Skip Hong Kong's Touch Tone Menus & Strap a Subwoofer to Your Wrist

PUBLISHED : Thursday, 30 June, 2016, 11:54am
UPDATED : Wednesday, 19 October, 2016, 5:15pm

All About that Basslet

If you’re the kind of person who goes clubbing and positions yourself so close to the sound system that you can feel your skull vibrating, then you'll love the Basslet. This new Kickstarter project is essentially a small, sexy wrist-mounted square subwoofer. When you play music, the Basslet vibrates in time, delivering the kicks, the hi-hats, the big drums and more straight to your wrist—and from there to your whole body. Sounds wild, right? The project is already fully funded on Kickstarter, but you can still order it at a discount for estimated delivery in December 2016. €139 ($1,185) from lofelt.com

Just Press Skip

If you’re a normal human being, you loathe Hong Kong’s relentless, interminable automated phone hotlines. Press 1 for Cantonese, 2 for Putonghua, 3 for English, 1 to talk about billing, 2 to access account details, 3 to get bounced from menu to menu until you give up… Enter Skipmenu, an app that cuts all that tedious touch-toning out of your life. Need to call your bank? Instead of Googling the number and sifting through 10 minutes of a voice reading out irrelevant options, you just open up the app, choose what you want, hit dial—and you’re connected straight to a human being. Well, almost. The hold music as you wait for someone to pick up on the other end? That’s not going anywhere. Free from Google Play or App Store, skipmenu.com

Carousell, Sell, Sell

A relative newcomer to Hong Kong is Carousell, the brainchild of three Singaporean developers. It’s a community marketplace app that’s super simple to use: You download it, snap a photo of what you want to sell, set a price and hey presto: It’s listed for sale. Other users can check out what you’ve got, and if they like it you can chat within the app to arrange a meetup. It’s fast and easy, especially in a city as small as ours. Having recently hit 1,000,000 listings in Hong Kong, there’s a lot of dross mixed in there—from iffy clothes to a box of pencils (yes, really)—but there’s also some gold to be found, from vintage clothing to camera gear. And of course, half of the fun is in the looking. Check it out and grab a bargain. Or maybe a box of pencils. Free from Google Play and App Store, carousell.com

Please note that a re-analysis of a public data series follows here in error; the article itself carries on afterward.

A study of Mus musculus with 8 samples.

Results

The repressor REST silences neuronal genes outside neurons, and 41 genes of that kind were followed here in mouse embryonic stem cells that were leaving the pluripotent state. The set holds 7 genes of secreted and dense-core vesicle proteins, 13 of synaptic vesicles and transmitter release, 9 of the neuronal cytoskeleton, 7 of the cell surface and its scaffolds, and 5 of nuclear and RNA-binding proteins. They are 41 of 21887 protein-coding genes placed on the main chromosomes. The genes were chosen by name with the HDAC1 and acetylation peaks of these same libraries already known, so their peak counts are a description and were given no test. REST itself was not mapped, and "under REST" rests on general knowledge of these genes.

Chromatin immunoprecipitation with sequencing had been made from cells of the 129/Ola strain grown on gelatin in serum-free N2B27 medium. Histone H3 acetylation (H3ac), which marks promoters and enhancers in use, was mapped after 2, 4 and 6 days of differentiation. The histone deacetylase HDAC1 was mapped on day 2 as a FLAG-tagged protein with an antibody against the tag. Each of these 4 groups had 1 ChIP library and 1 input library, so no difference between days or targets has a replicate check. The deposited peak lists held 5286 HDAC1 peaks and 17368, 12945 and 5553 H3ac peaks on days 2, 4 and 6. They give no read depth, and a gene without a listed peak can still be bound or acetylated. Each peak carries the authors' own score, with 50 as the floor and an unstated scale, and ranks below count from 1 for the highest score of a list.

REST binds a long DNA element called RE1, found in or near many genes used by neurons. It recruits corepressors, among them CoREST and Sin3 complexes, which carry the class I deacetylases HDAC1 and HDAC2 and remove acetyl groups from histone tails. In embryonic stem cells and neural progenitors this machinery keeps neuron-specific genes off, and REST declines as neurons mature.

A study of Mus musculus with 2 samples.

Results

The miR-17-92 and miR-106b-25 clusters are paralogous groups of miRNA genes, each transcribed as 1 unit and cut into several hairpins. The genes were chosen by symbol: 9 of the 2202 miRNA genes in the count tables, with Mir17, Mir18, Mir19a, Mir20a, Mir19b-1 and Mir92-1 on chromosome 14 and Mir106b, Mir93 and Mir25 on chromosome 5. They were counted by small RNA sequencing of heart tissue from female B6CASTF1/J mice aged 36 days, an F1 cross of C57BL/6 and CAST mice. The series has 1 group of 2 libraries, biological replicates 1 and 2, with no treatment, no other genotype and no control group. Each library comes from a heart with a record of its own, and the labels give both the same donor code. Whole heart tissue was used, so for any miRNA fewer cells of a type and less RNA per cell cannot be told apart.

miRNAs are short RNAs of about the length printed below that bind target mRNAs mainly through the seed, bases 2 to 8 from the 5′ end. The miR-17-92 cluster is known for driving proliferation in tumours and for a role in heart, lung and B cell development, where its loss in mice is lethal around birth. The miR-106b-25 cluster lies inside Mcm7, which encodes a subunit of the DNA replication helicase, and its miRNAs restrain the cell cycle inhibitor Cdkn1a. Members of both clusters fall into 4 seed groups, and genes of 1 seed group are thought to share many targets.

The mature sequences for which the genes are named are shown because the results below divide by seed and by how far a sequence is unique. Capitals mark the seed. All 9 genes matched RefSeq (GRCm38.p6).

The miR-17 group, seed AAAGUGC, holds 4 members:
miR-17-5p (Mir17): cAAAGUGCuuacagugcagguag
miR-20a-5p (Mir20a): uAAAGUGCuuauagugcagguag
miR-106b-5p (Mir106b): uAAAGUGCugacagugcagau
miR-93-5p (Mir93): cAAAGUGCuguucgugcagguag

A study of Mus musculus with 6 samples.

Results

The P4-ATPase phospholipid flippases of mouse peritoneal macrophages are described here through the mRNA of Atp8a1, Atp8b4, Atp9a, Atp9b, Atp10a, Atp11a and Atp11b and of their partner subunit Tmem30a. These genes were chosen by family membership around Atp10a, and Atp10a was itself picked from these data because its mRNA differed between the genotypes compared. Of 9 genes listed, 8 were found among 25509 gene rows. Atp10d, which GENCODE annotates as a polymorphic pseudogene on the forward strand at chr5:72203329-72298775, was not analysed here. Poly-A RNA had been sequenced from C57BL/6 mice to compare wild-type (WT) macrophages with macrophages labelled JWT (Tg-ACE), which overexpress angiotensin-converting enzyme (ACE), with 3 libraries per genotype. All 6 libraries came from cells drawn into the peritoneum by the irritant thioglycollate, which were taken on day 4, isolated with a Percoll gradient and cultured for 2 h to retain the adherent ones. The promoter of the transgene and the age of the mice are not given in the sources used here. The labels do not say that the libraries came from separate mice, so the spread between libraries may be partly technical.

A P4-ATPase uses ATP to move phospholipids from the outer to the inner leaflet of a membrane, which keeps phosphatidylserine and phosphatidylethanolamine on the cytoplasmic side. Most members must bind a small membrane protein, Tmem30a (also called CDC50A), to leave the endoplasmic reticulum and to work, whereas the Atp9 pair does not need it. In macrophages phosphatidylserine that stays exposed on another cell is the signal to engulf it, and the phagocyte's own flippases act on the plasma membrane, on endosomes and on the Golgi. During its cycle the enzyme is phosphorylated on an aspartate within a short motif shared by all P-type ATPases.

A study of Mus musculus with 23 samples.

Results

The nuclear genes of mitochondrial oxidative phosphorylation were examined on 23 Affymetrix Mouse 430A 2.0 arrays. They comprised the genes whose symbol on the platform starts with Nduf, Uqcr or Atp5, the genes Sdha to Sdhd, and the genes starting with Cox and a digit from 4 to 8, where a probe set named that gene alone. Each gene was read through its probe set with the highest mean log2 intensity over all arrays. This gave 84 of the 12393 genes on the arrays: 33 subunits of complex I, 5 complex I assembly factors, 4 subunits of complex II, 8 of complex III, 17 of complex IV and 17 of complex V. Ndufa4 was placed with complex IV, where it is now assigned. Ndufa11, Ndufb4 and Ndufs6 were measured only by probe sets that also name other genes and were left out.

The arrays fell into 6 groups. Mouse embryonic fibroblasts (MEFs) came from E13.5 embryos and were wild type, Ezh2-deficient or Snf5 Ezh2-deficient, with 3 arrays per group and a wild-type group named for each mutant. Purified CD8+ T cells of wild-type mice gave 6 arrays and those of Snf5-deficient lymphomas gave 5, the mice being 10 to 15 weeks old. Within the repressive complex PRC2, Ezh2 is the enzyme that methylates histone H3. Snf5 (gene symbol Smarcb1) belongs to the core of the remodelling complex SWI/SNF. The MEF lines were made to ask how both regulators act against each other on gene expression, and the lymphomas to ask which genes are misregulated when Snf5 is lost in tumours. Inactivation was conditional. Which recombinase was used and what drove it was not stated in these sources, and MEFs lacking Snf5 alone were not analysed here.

Spirit Mediums

Camera nerds, lean in now. Swedish camera king Hasselblad has just launched a new digital camera that’s set to revolutionize the market. The Hasselblad X1D is a tiny mirrorless camera that somehow manages to fit a full 50MP medium-format sensor into a camera body that’s smaller than most every DSLR out there. That means stunning quality picture that also beats most every DSLR out there—all weighing in at a comparatively svelte 725g. Thanks to NASA there are 12 Hasselblads currently sitting on the Moon, where they’ve captured some of the most iconic images in history. If they’d weighed as little as the X1D, maybe they would have made the trip back as well. The X1D isn’t remotely cheap—the body is a hair under $70k, and the lenses cost around $18k each—but that price is half what you’d be paying for any of the other Hasselblad models, putting it squarely in the “extremely rich amateur” category. The X1D goes on sale in late August. hasselblad.com/x1d

A Room with Askew

This isn’t a new game, but it IS a recommendation if you’ve got a tablet and you’re looking for something to occupy those fingers: The Room series. No, it’s not a tablet version of the notoriously bad 2003 movie of the same name. It’s a series of three beautifully made, gently cerebral, often creepy puzzle games. The gameplay is simple: you’re presented with an ornate box full of switches, cogs and levers, and you have to open it, step by step. But that description defies the intricate complexity of each puzzle box, half mechanical and half magical—and the sense of achievement as you peel away another layer of brass and mahogany. The first two games were pretty great, but this third iteration nails the eerie atmosphere and delicate, convoluted multi-step constructions. You should get them all. $15 for The Room and The Room Two, $38 for The Room Three from Google Play and App Store.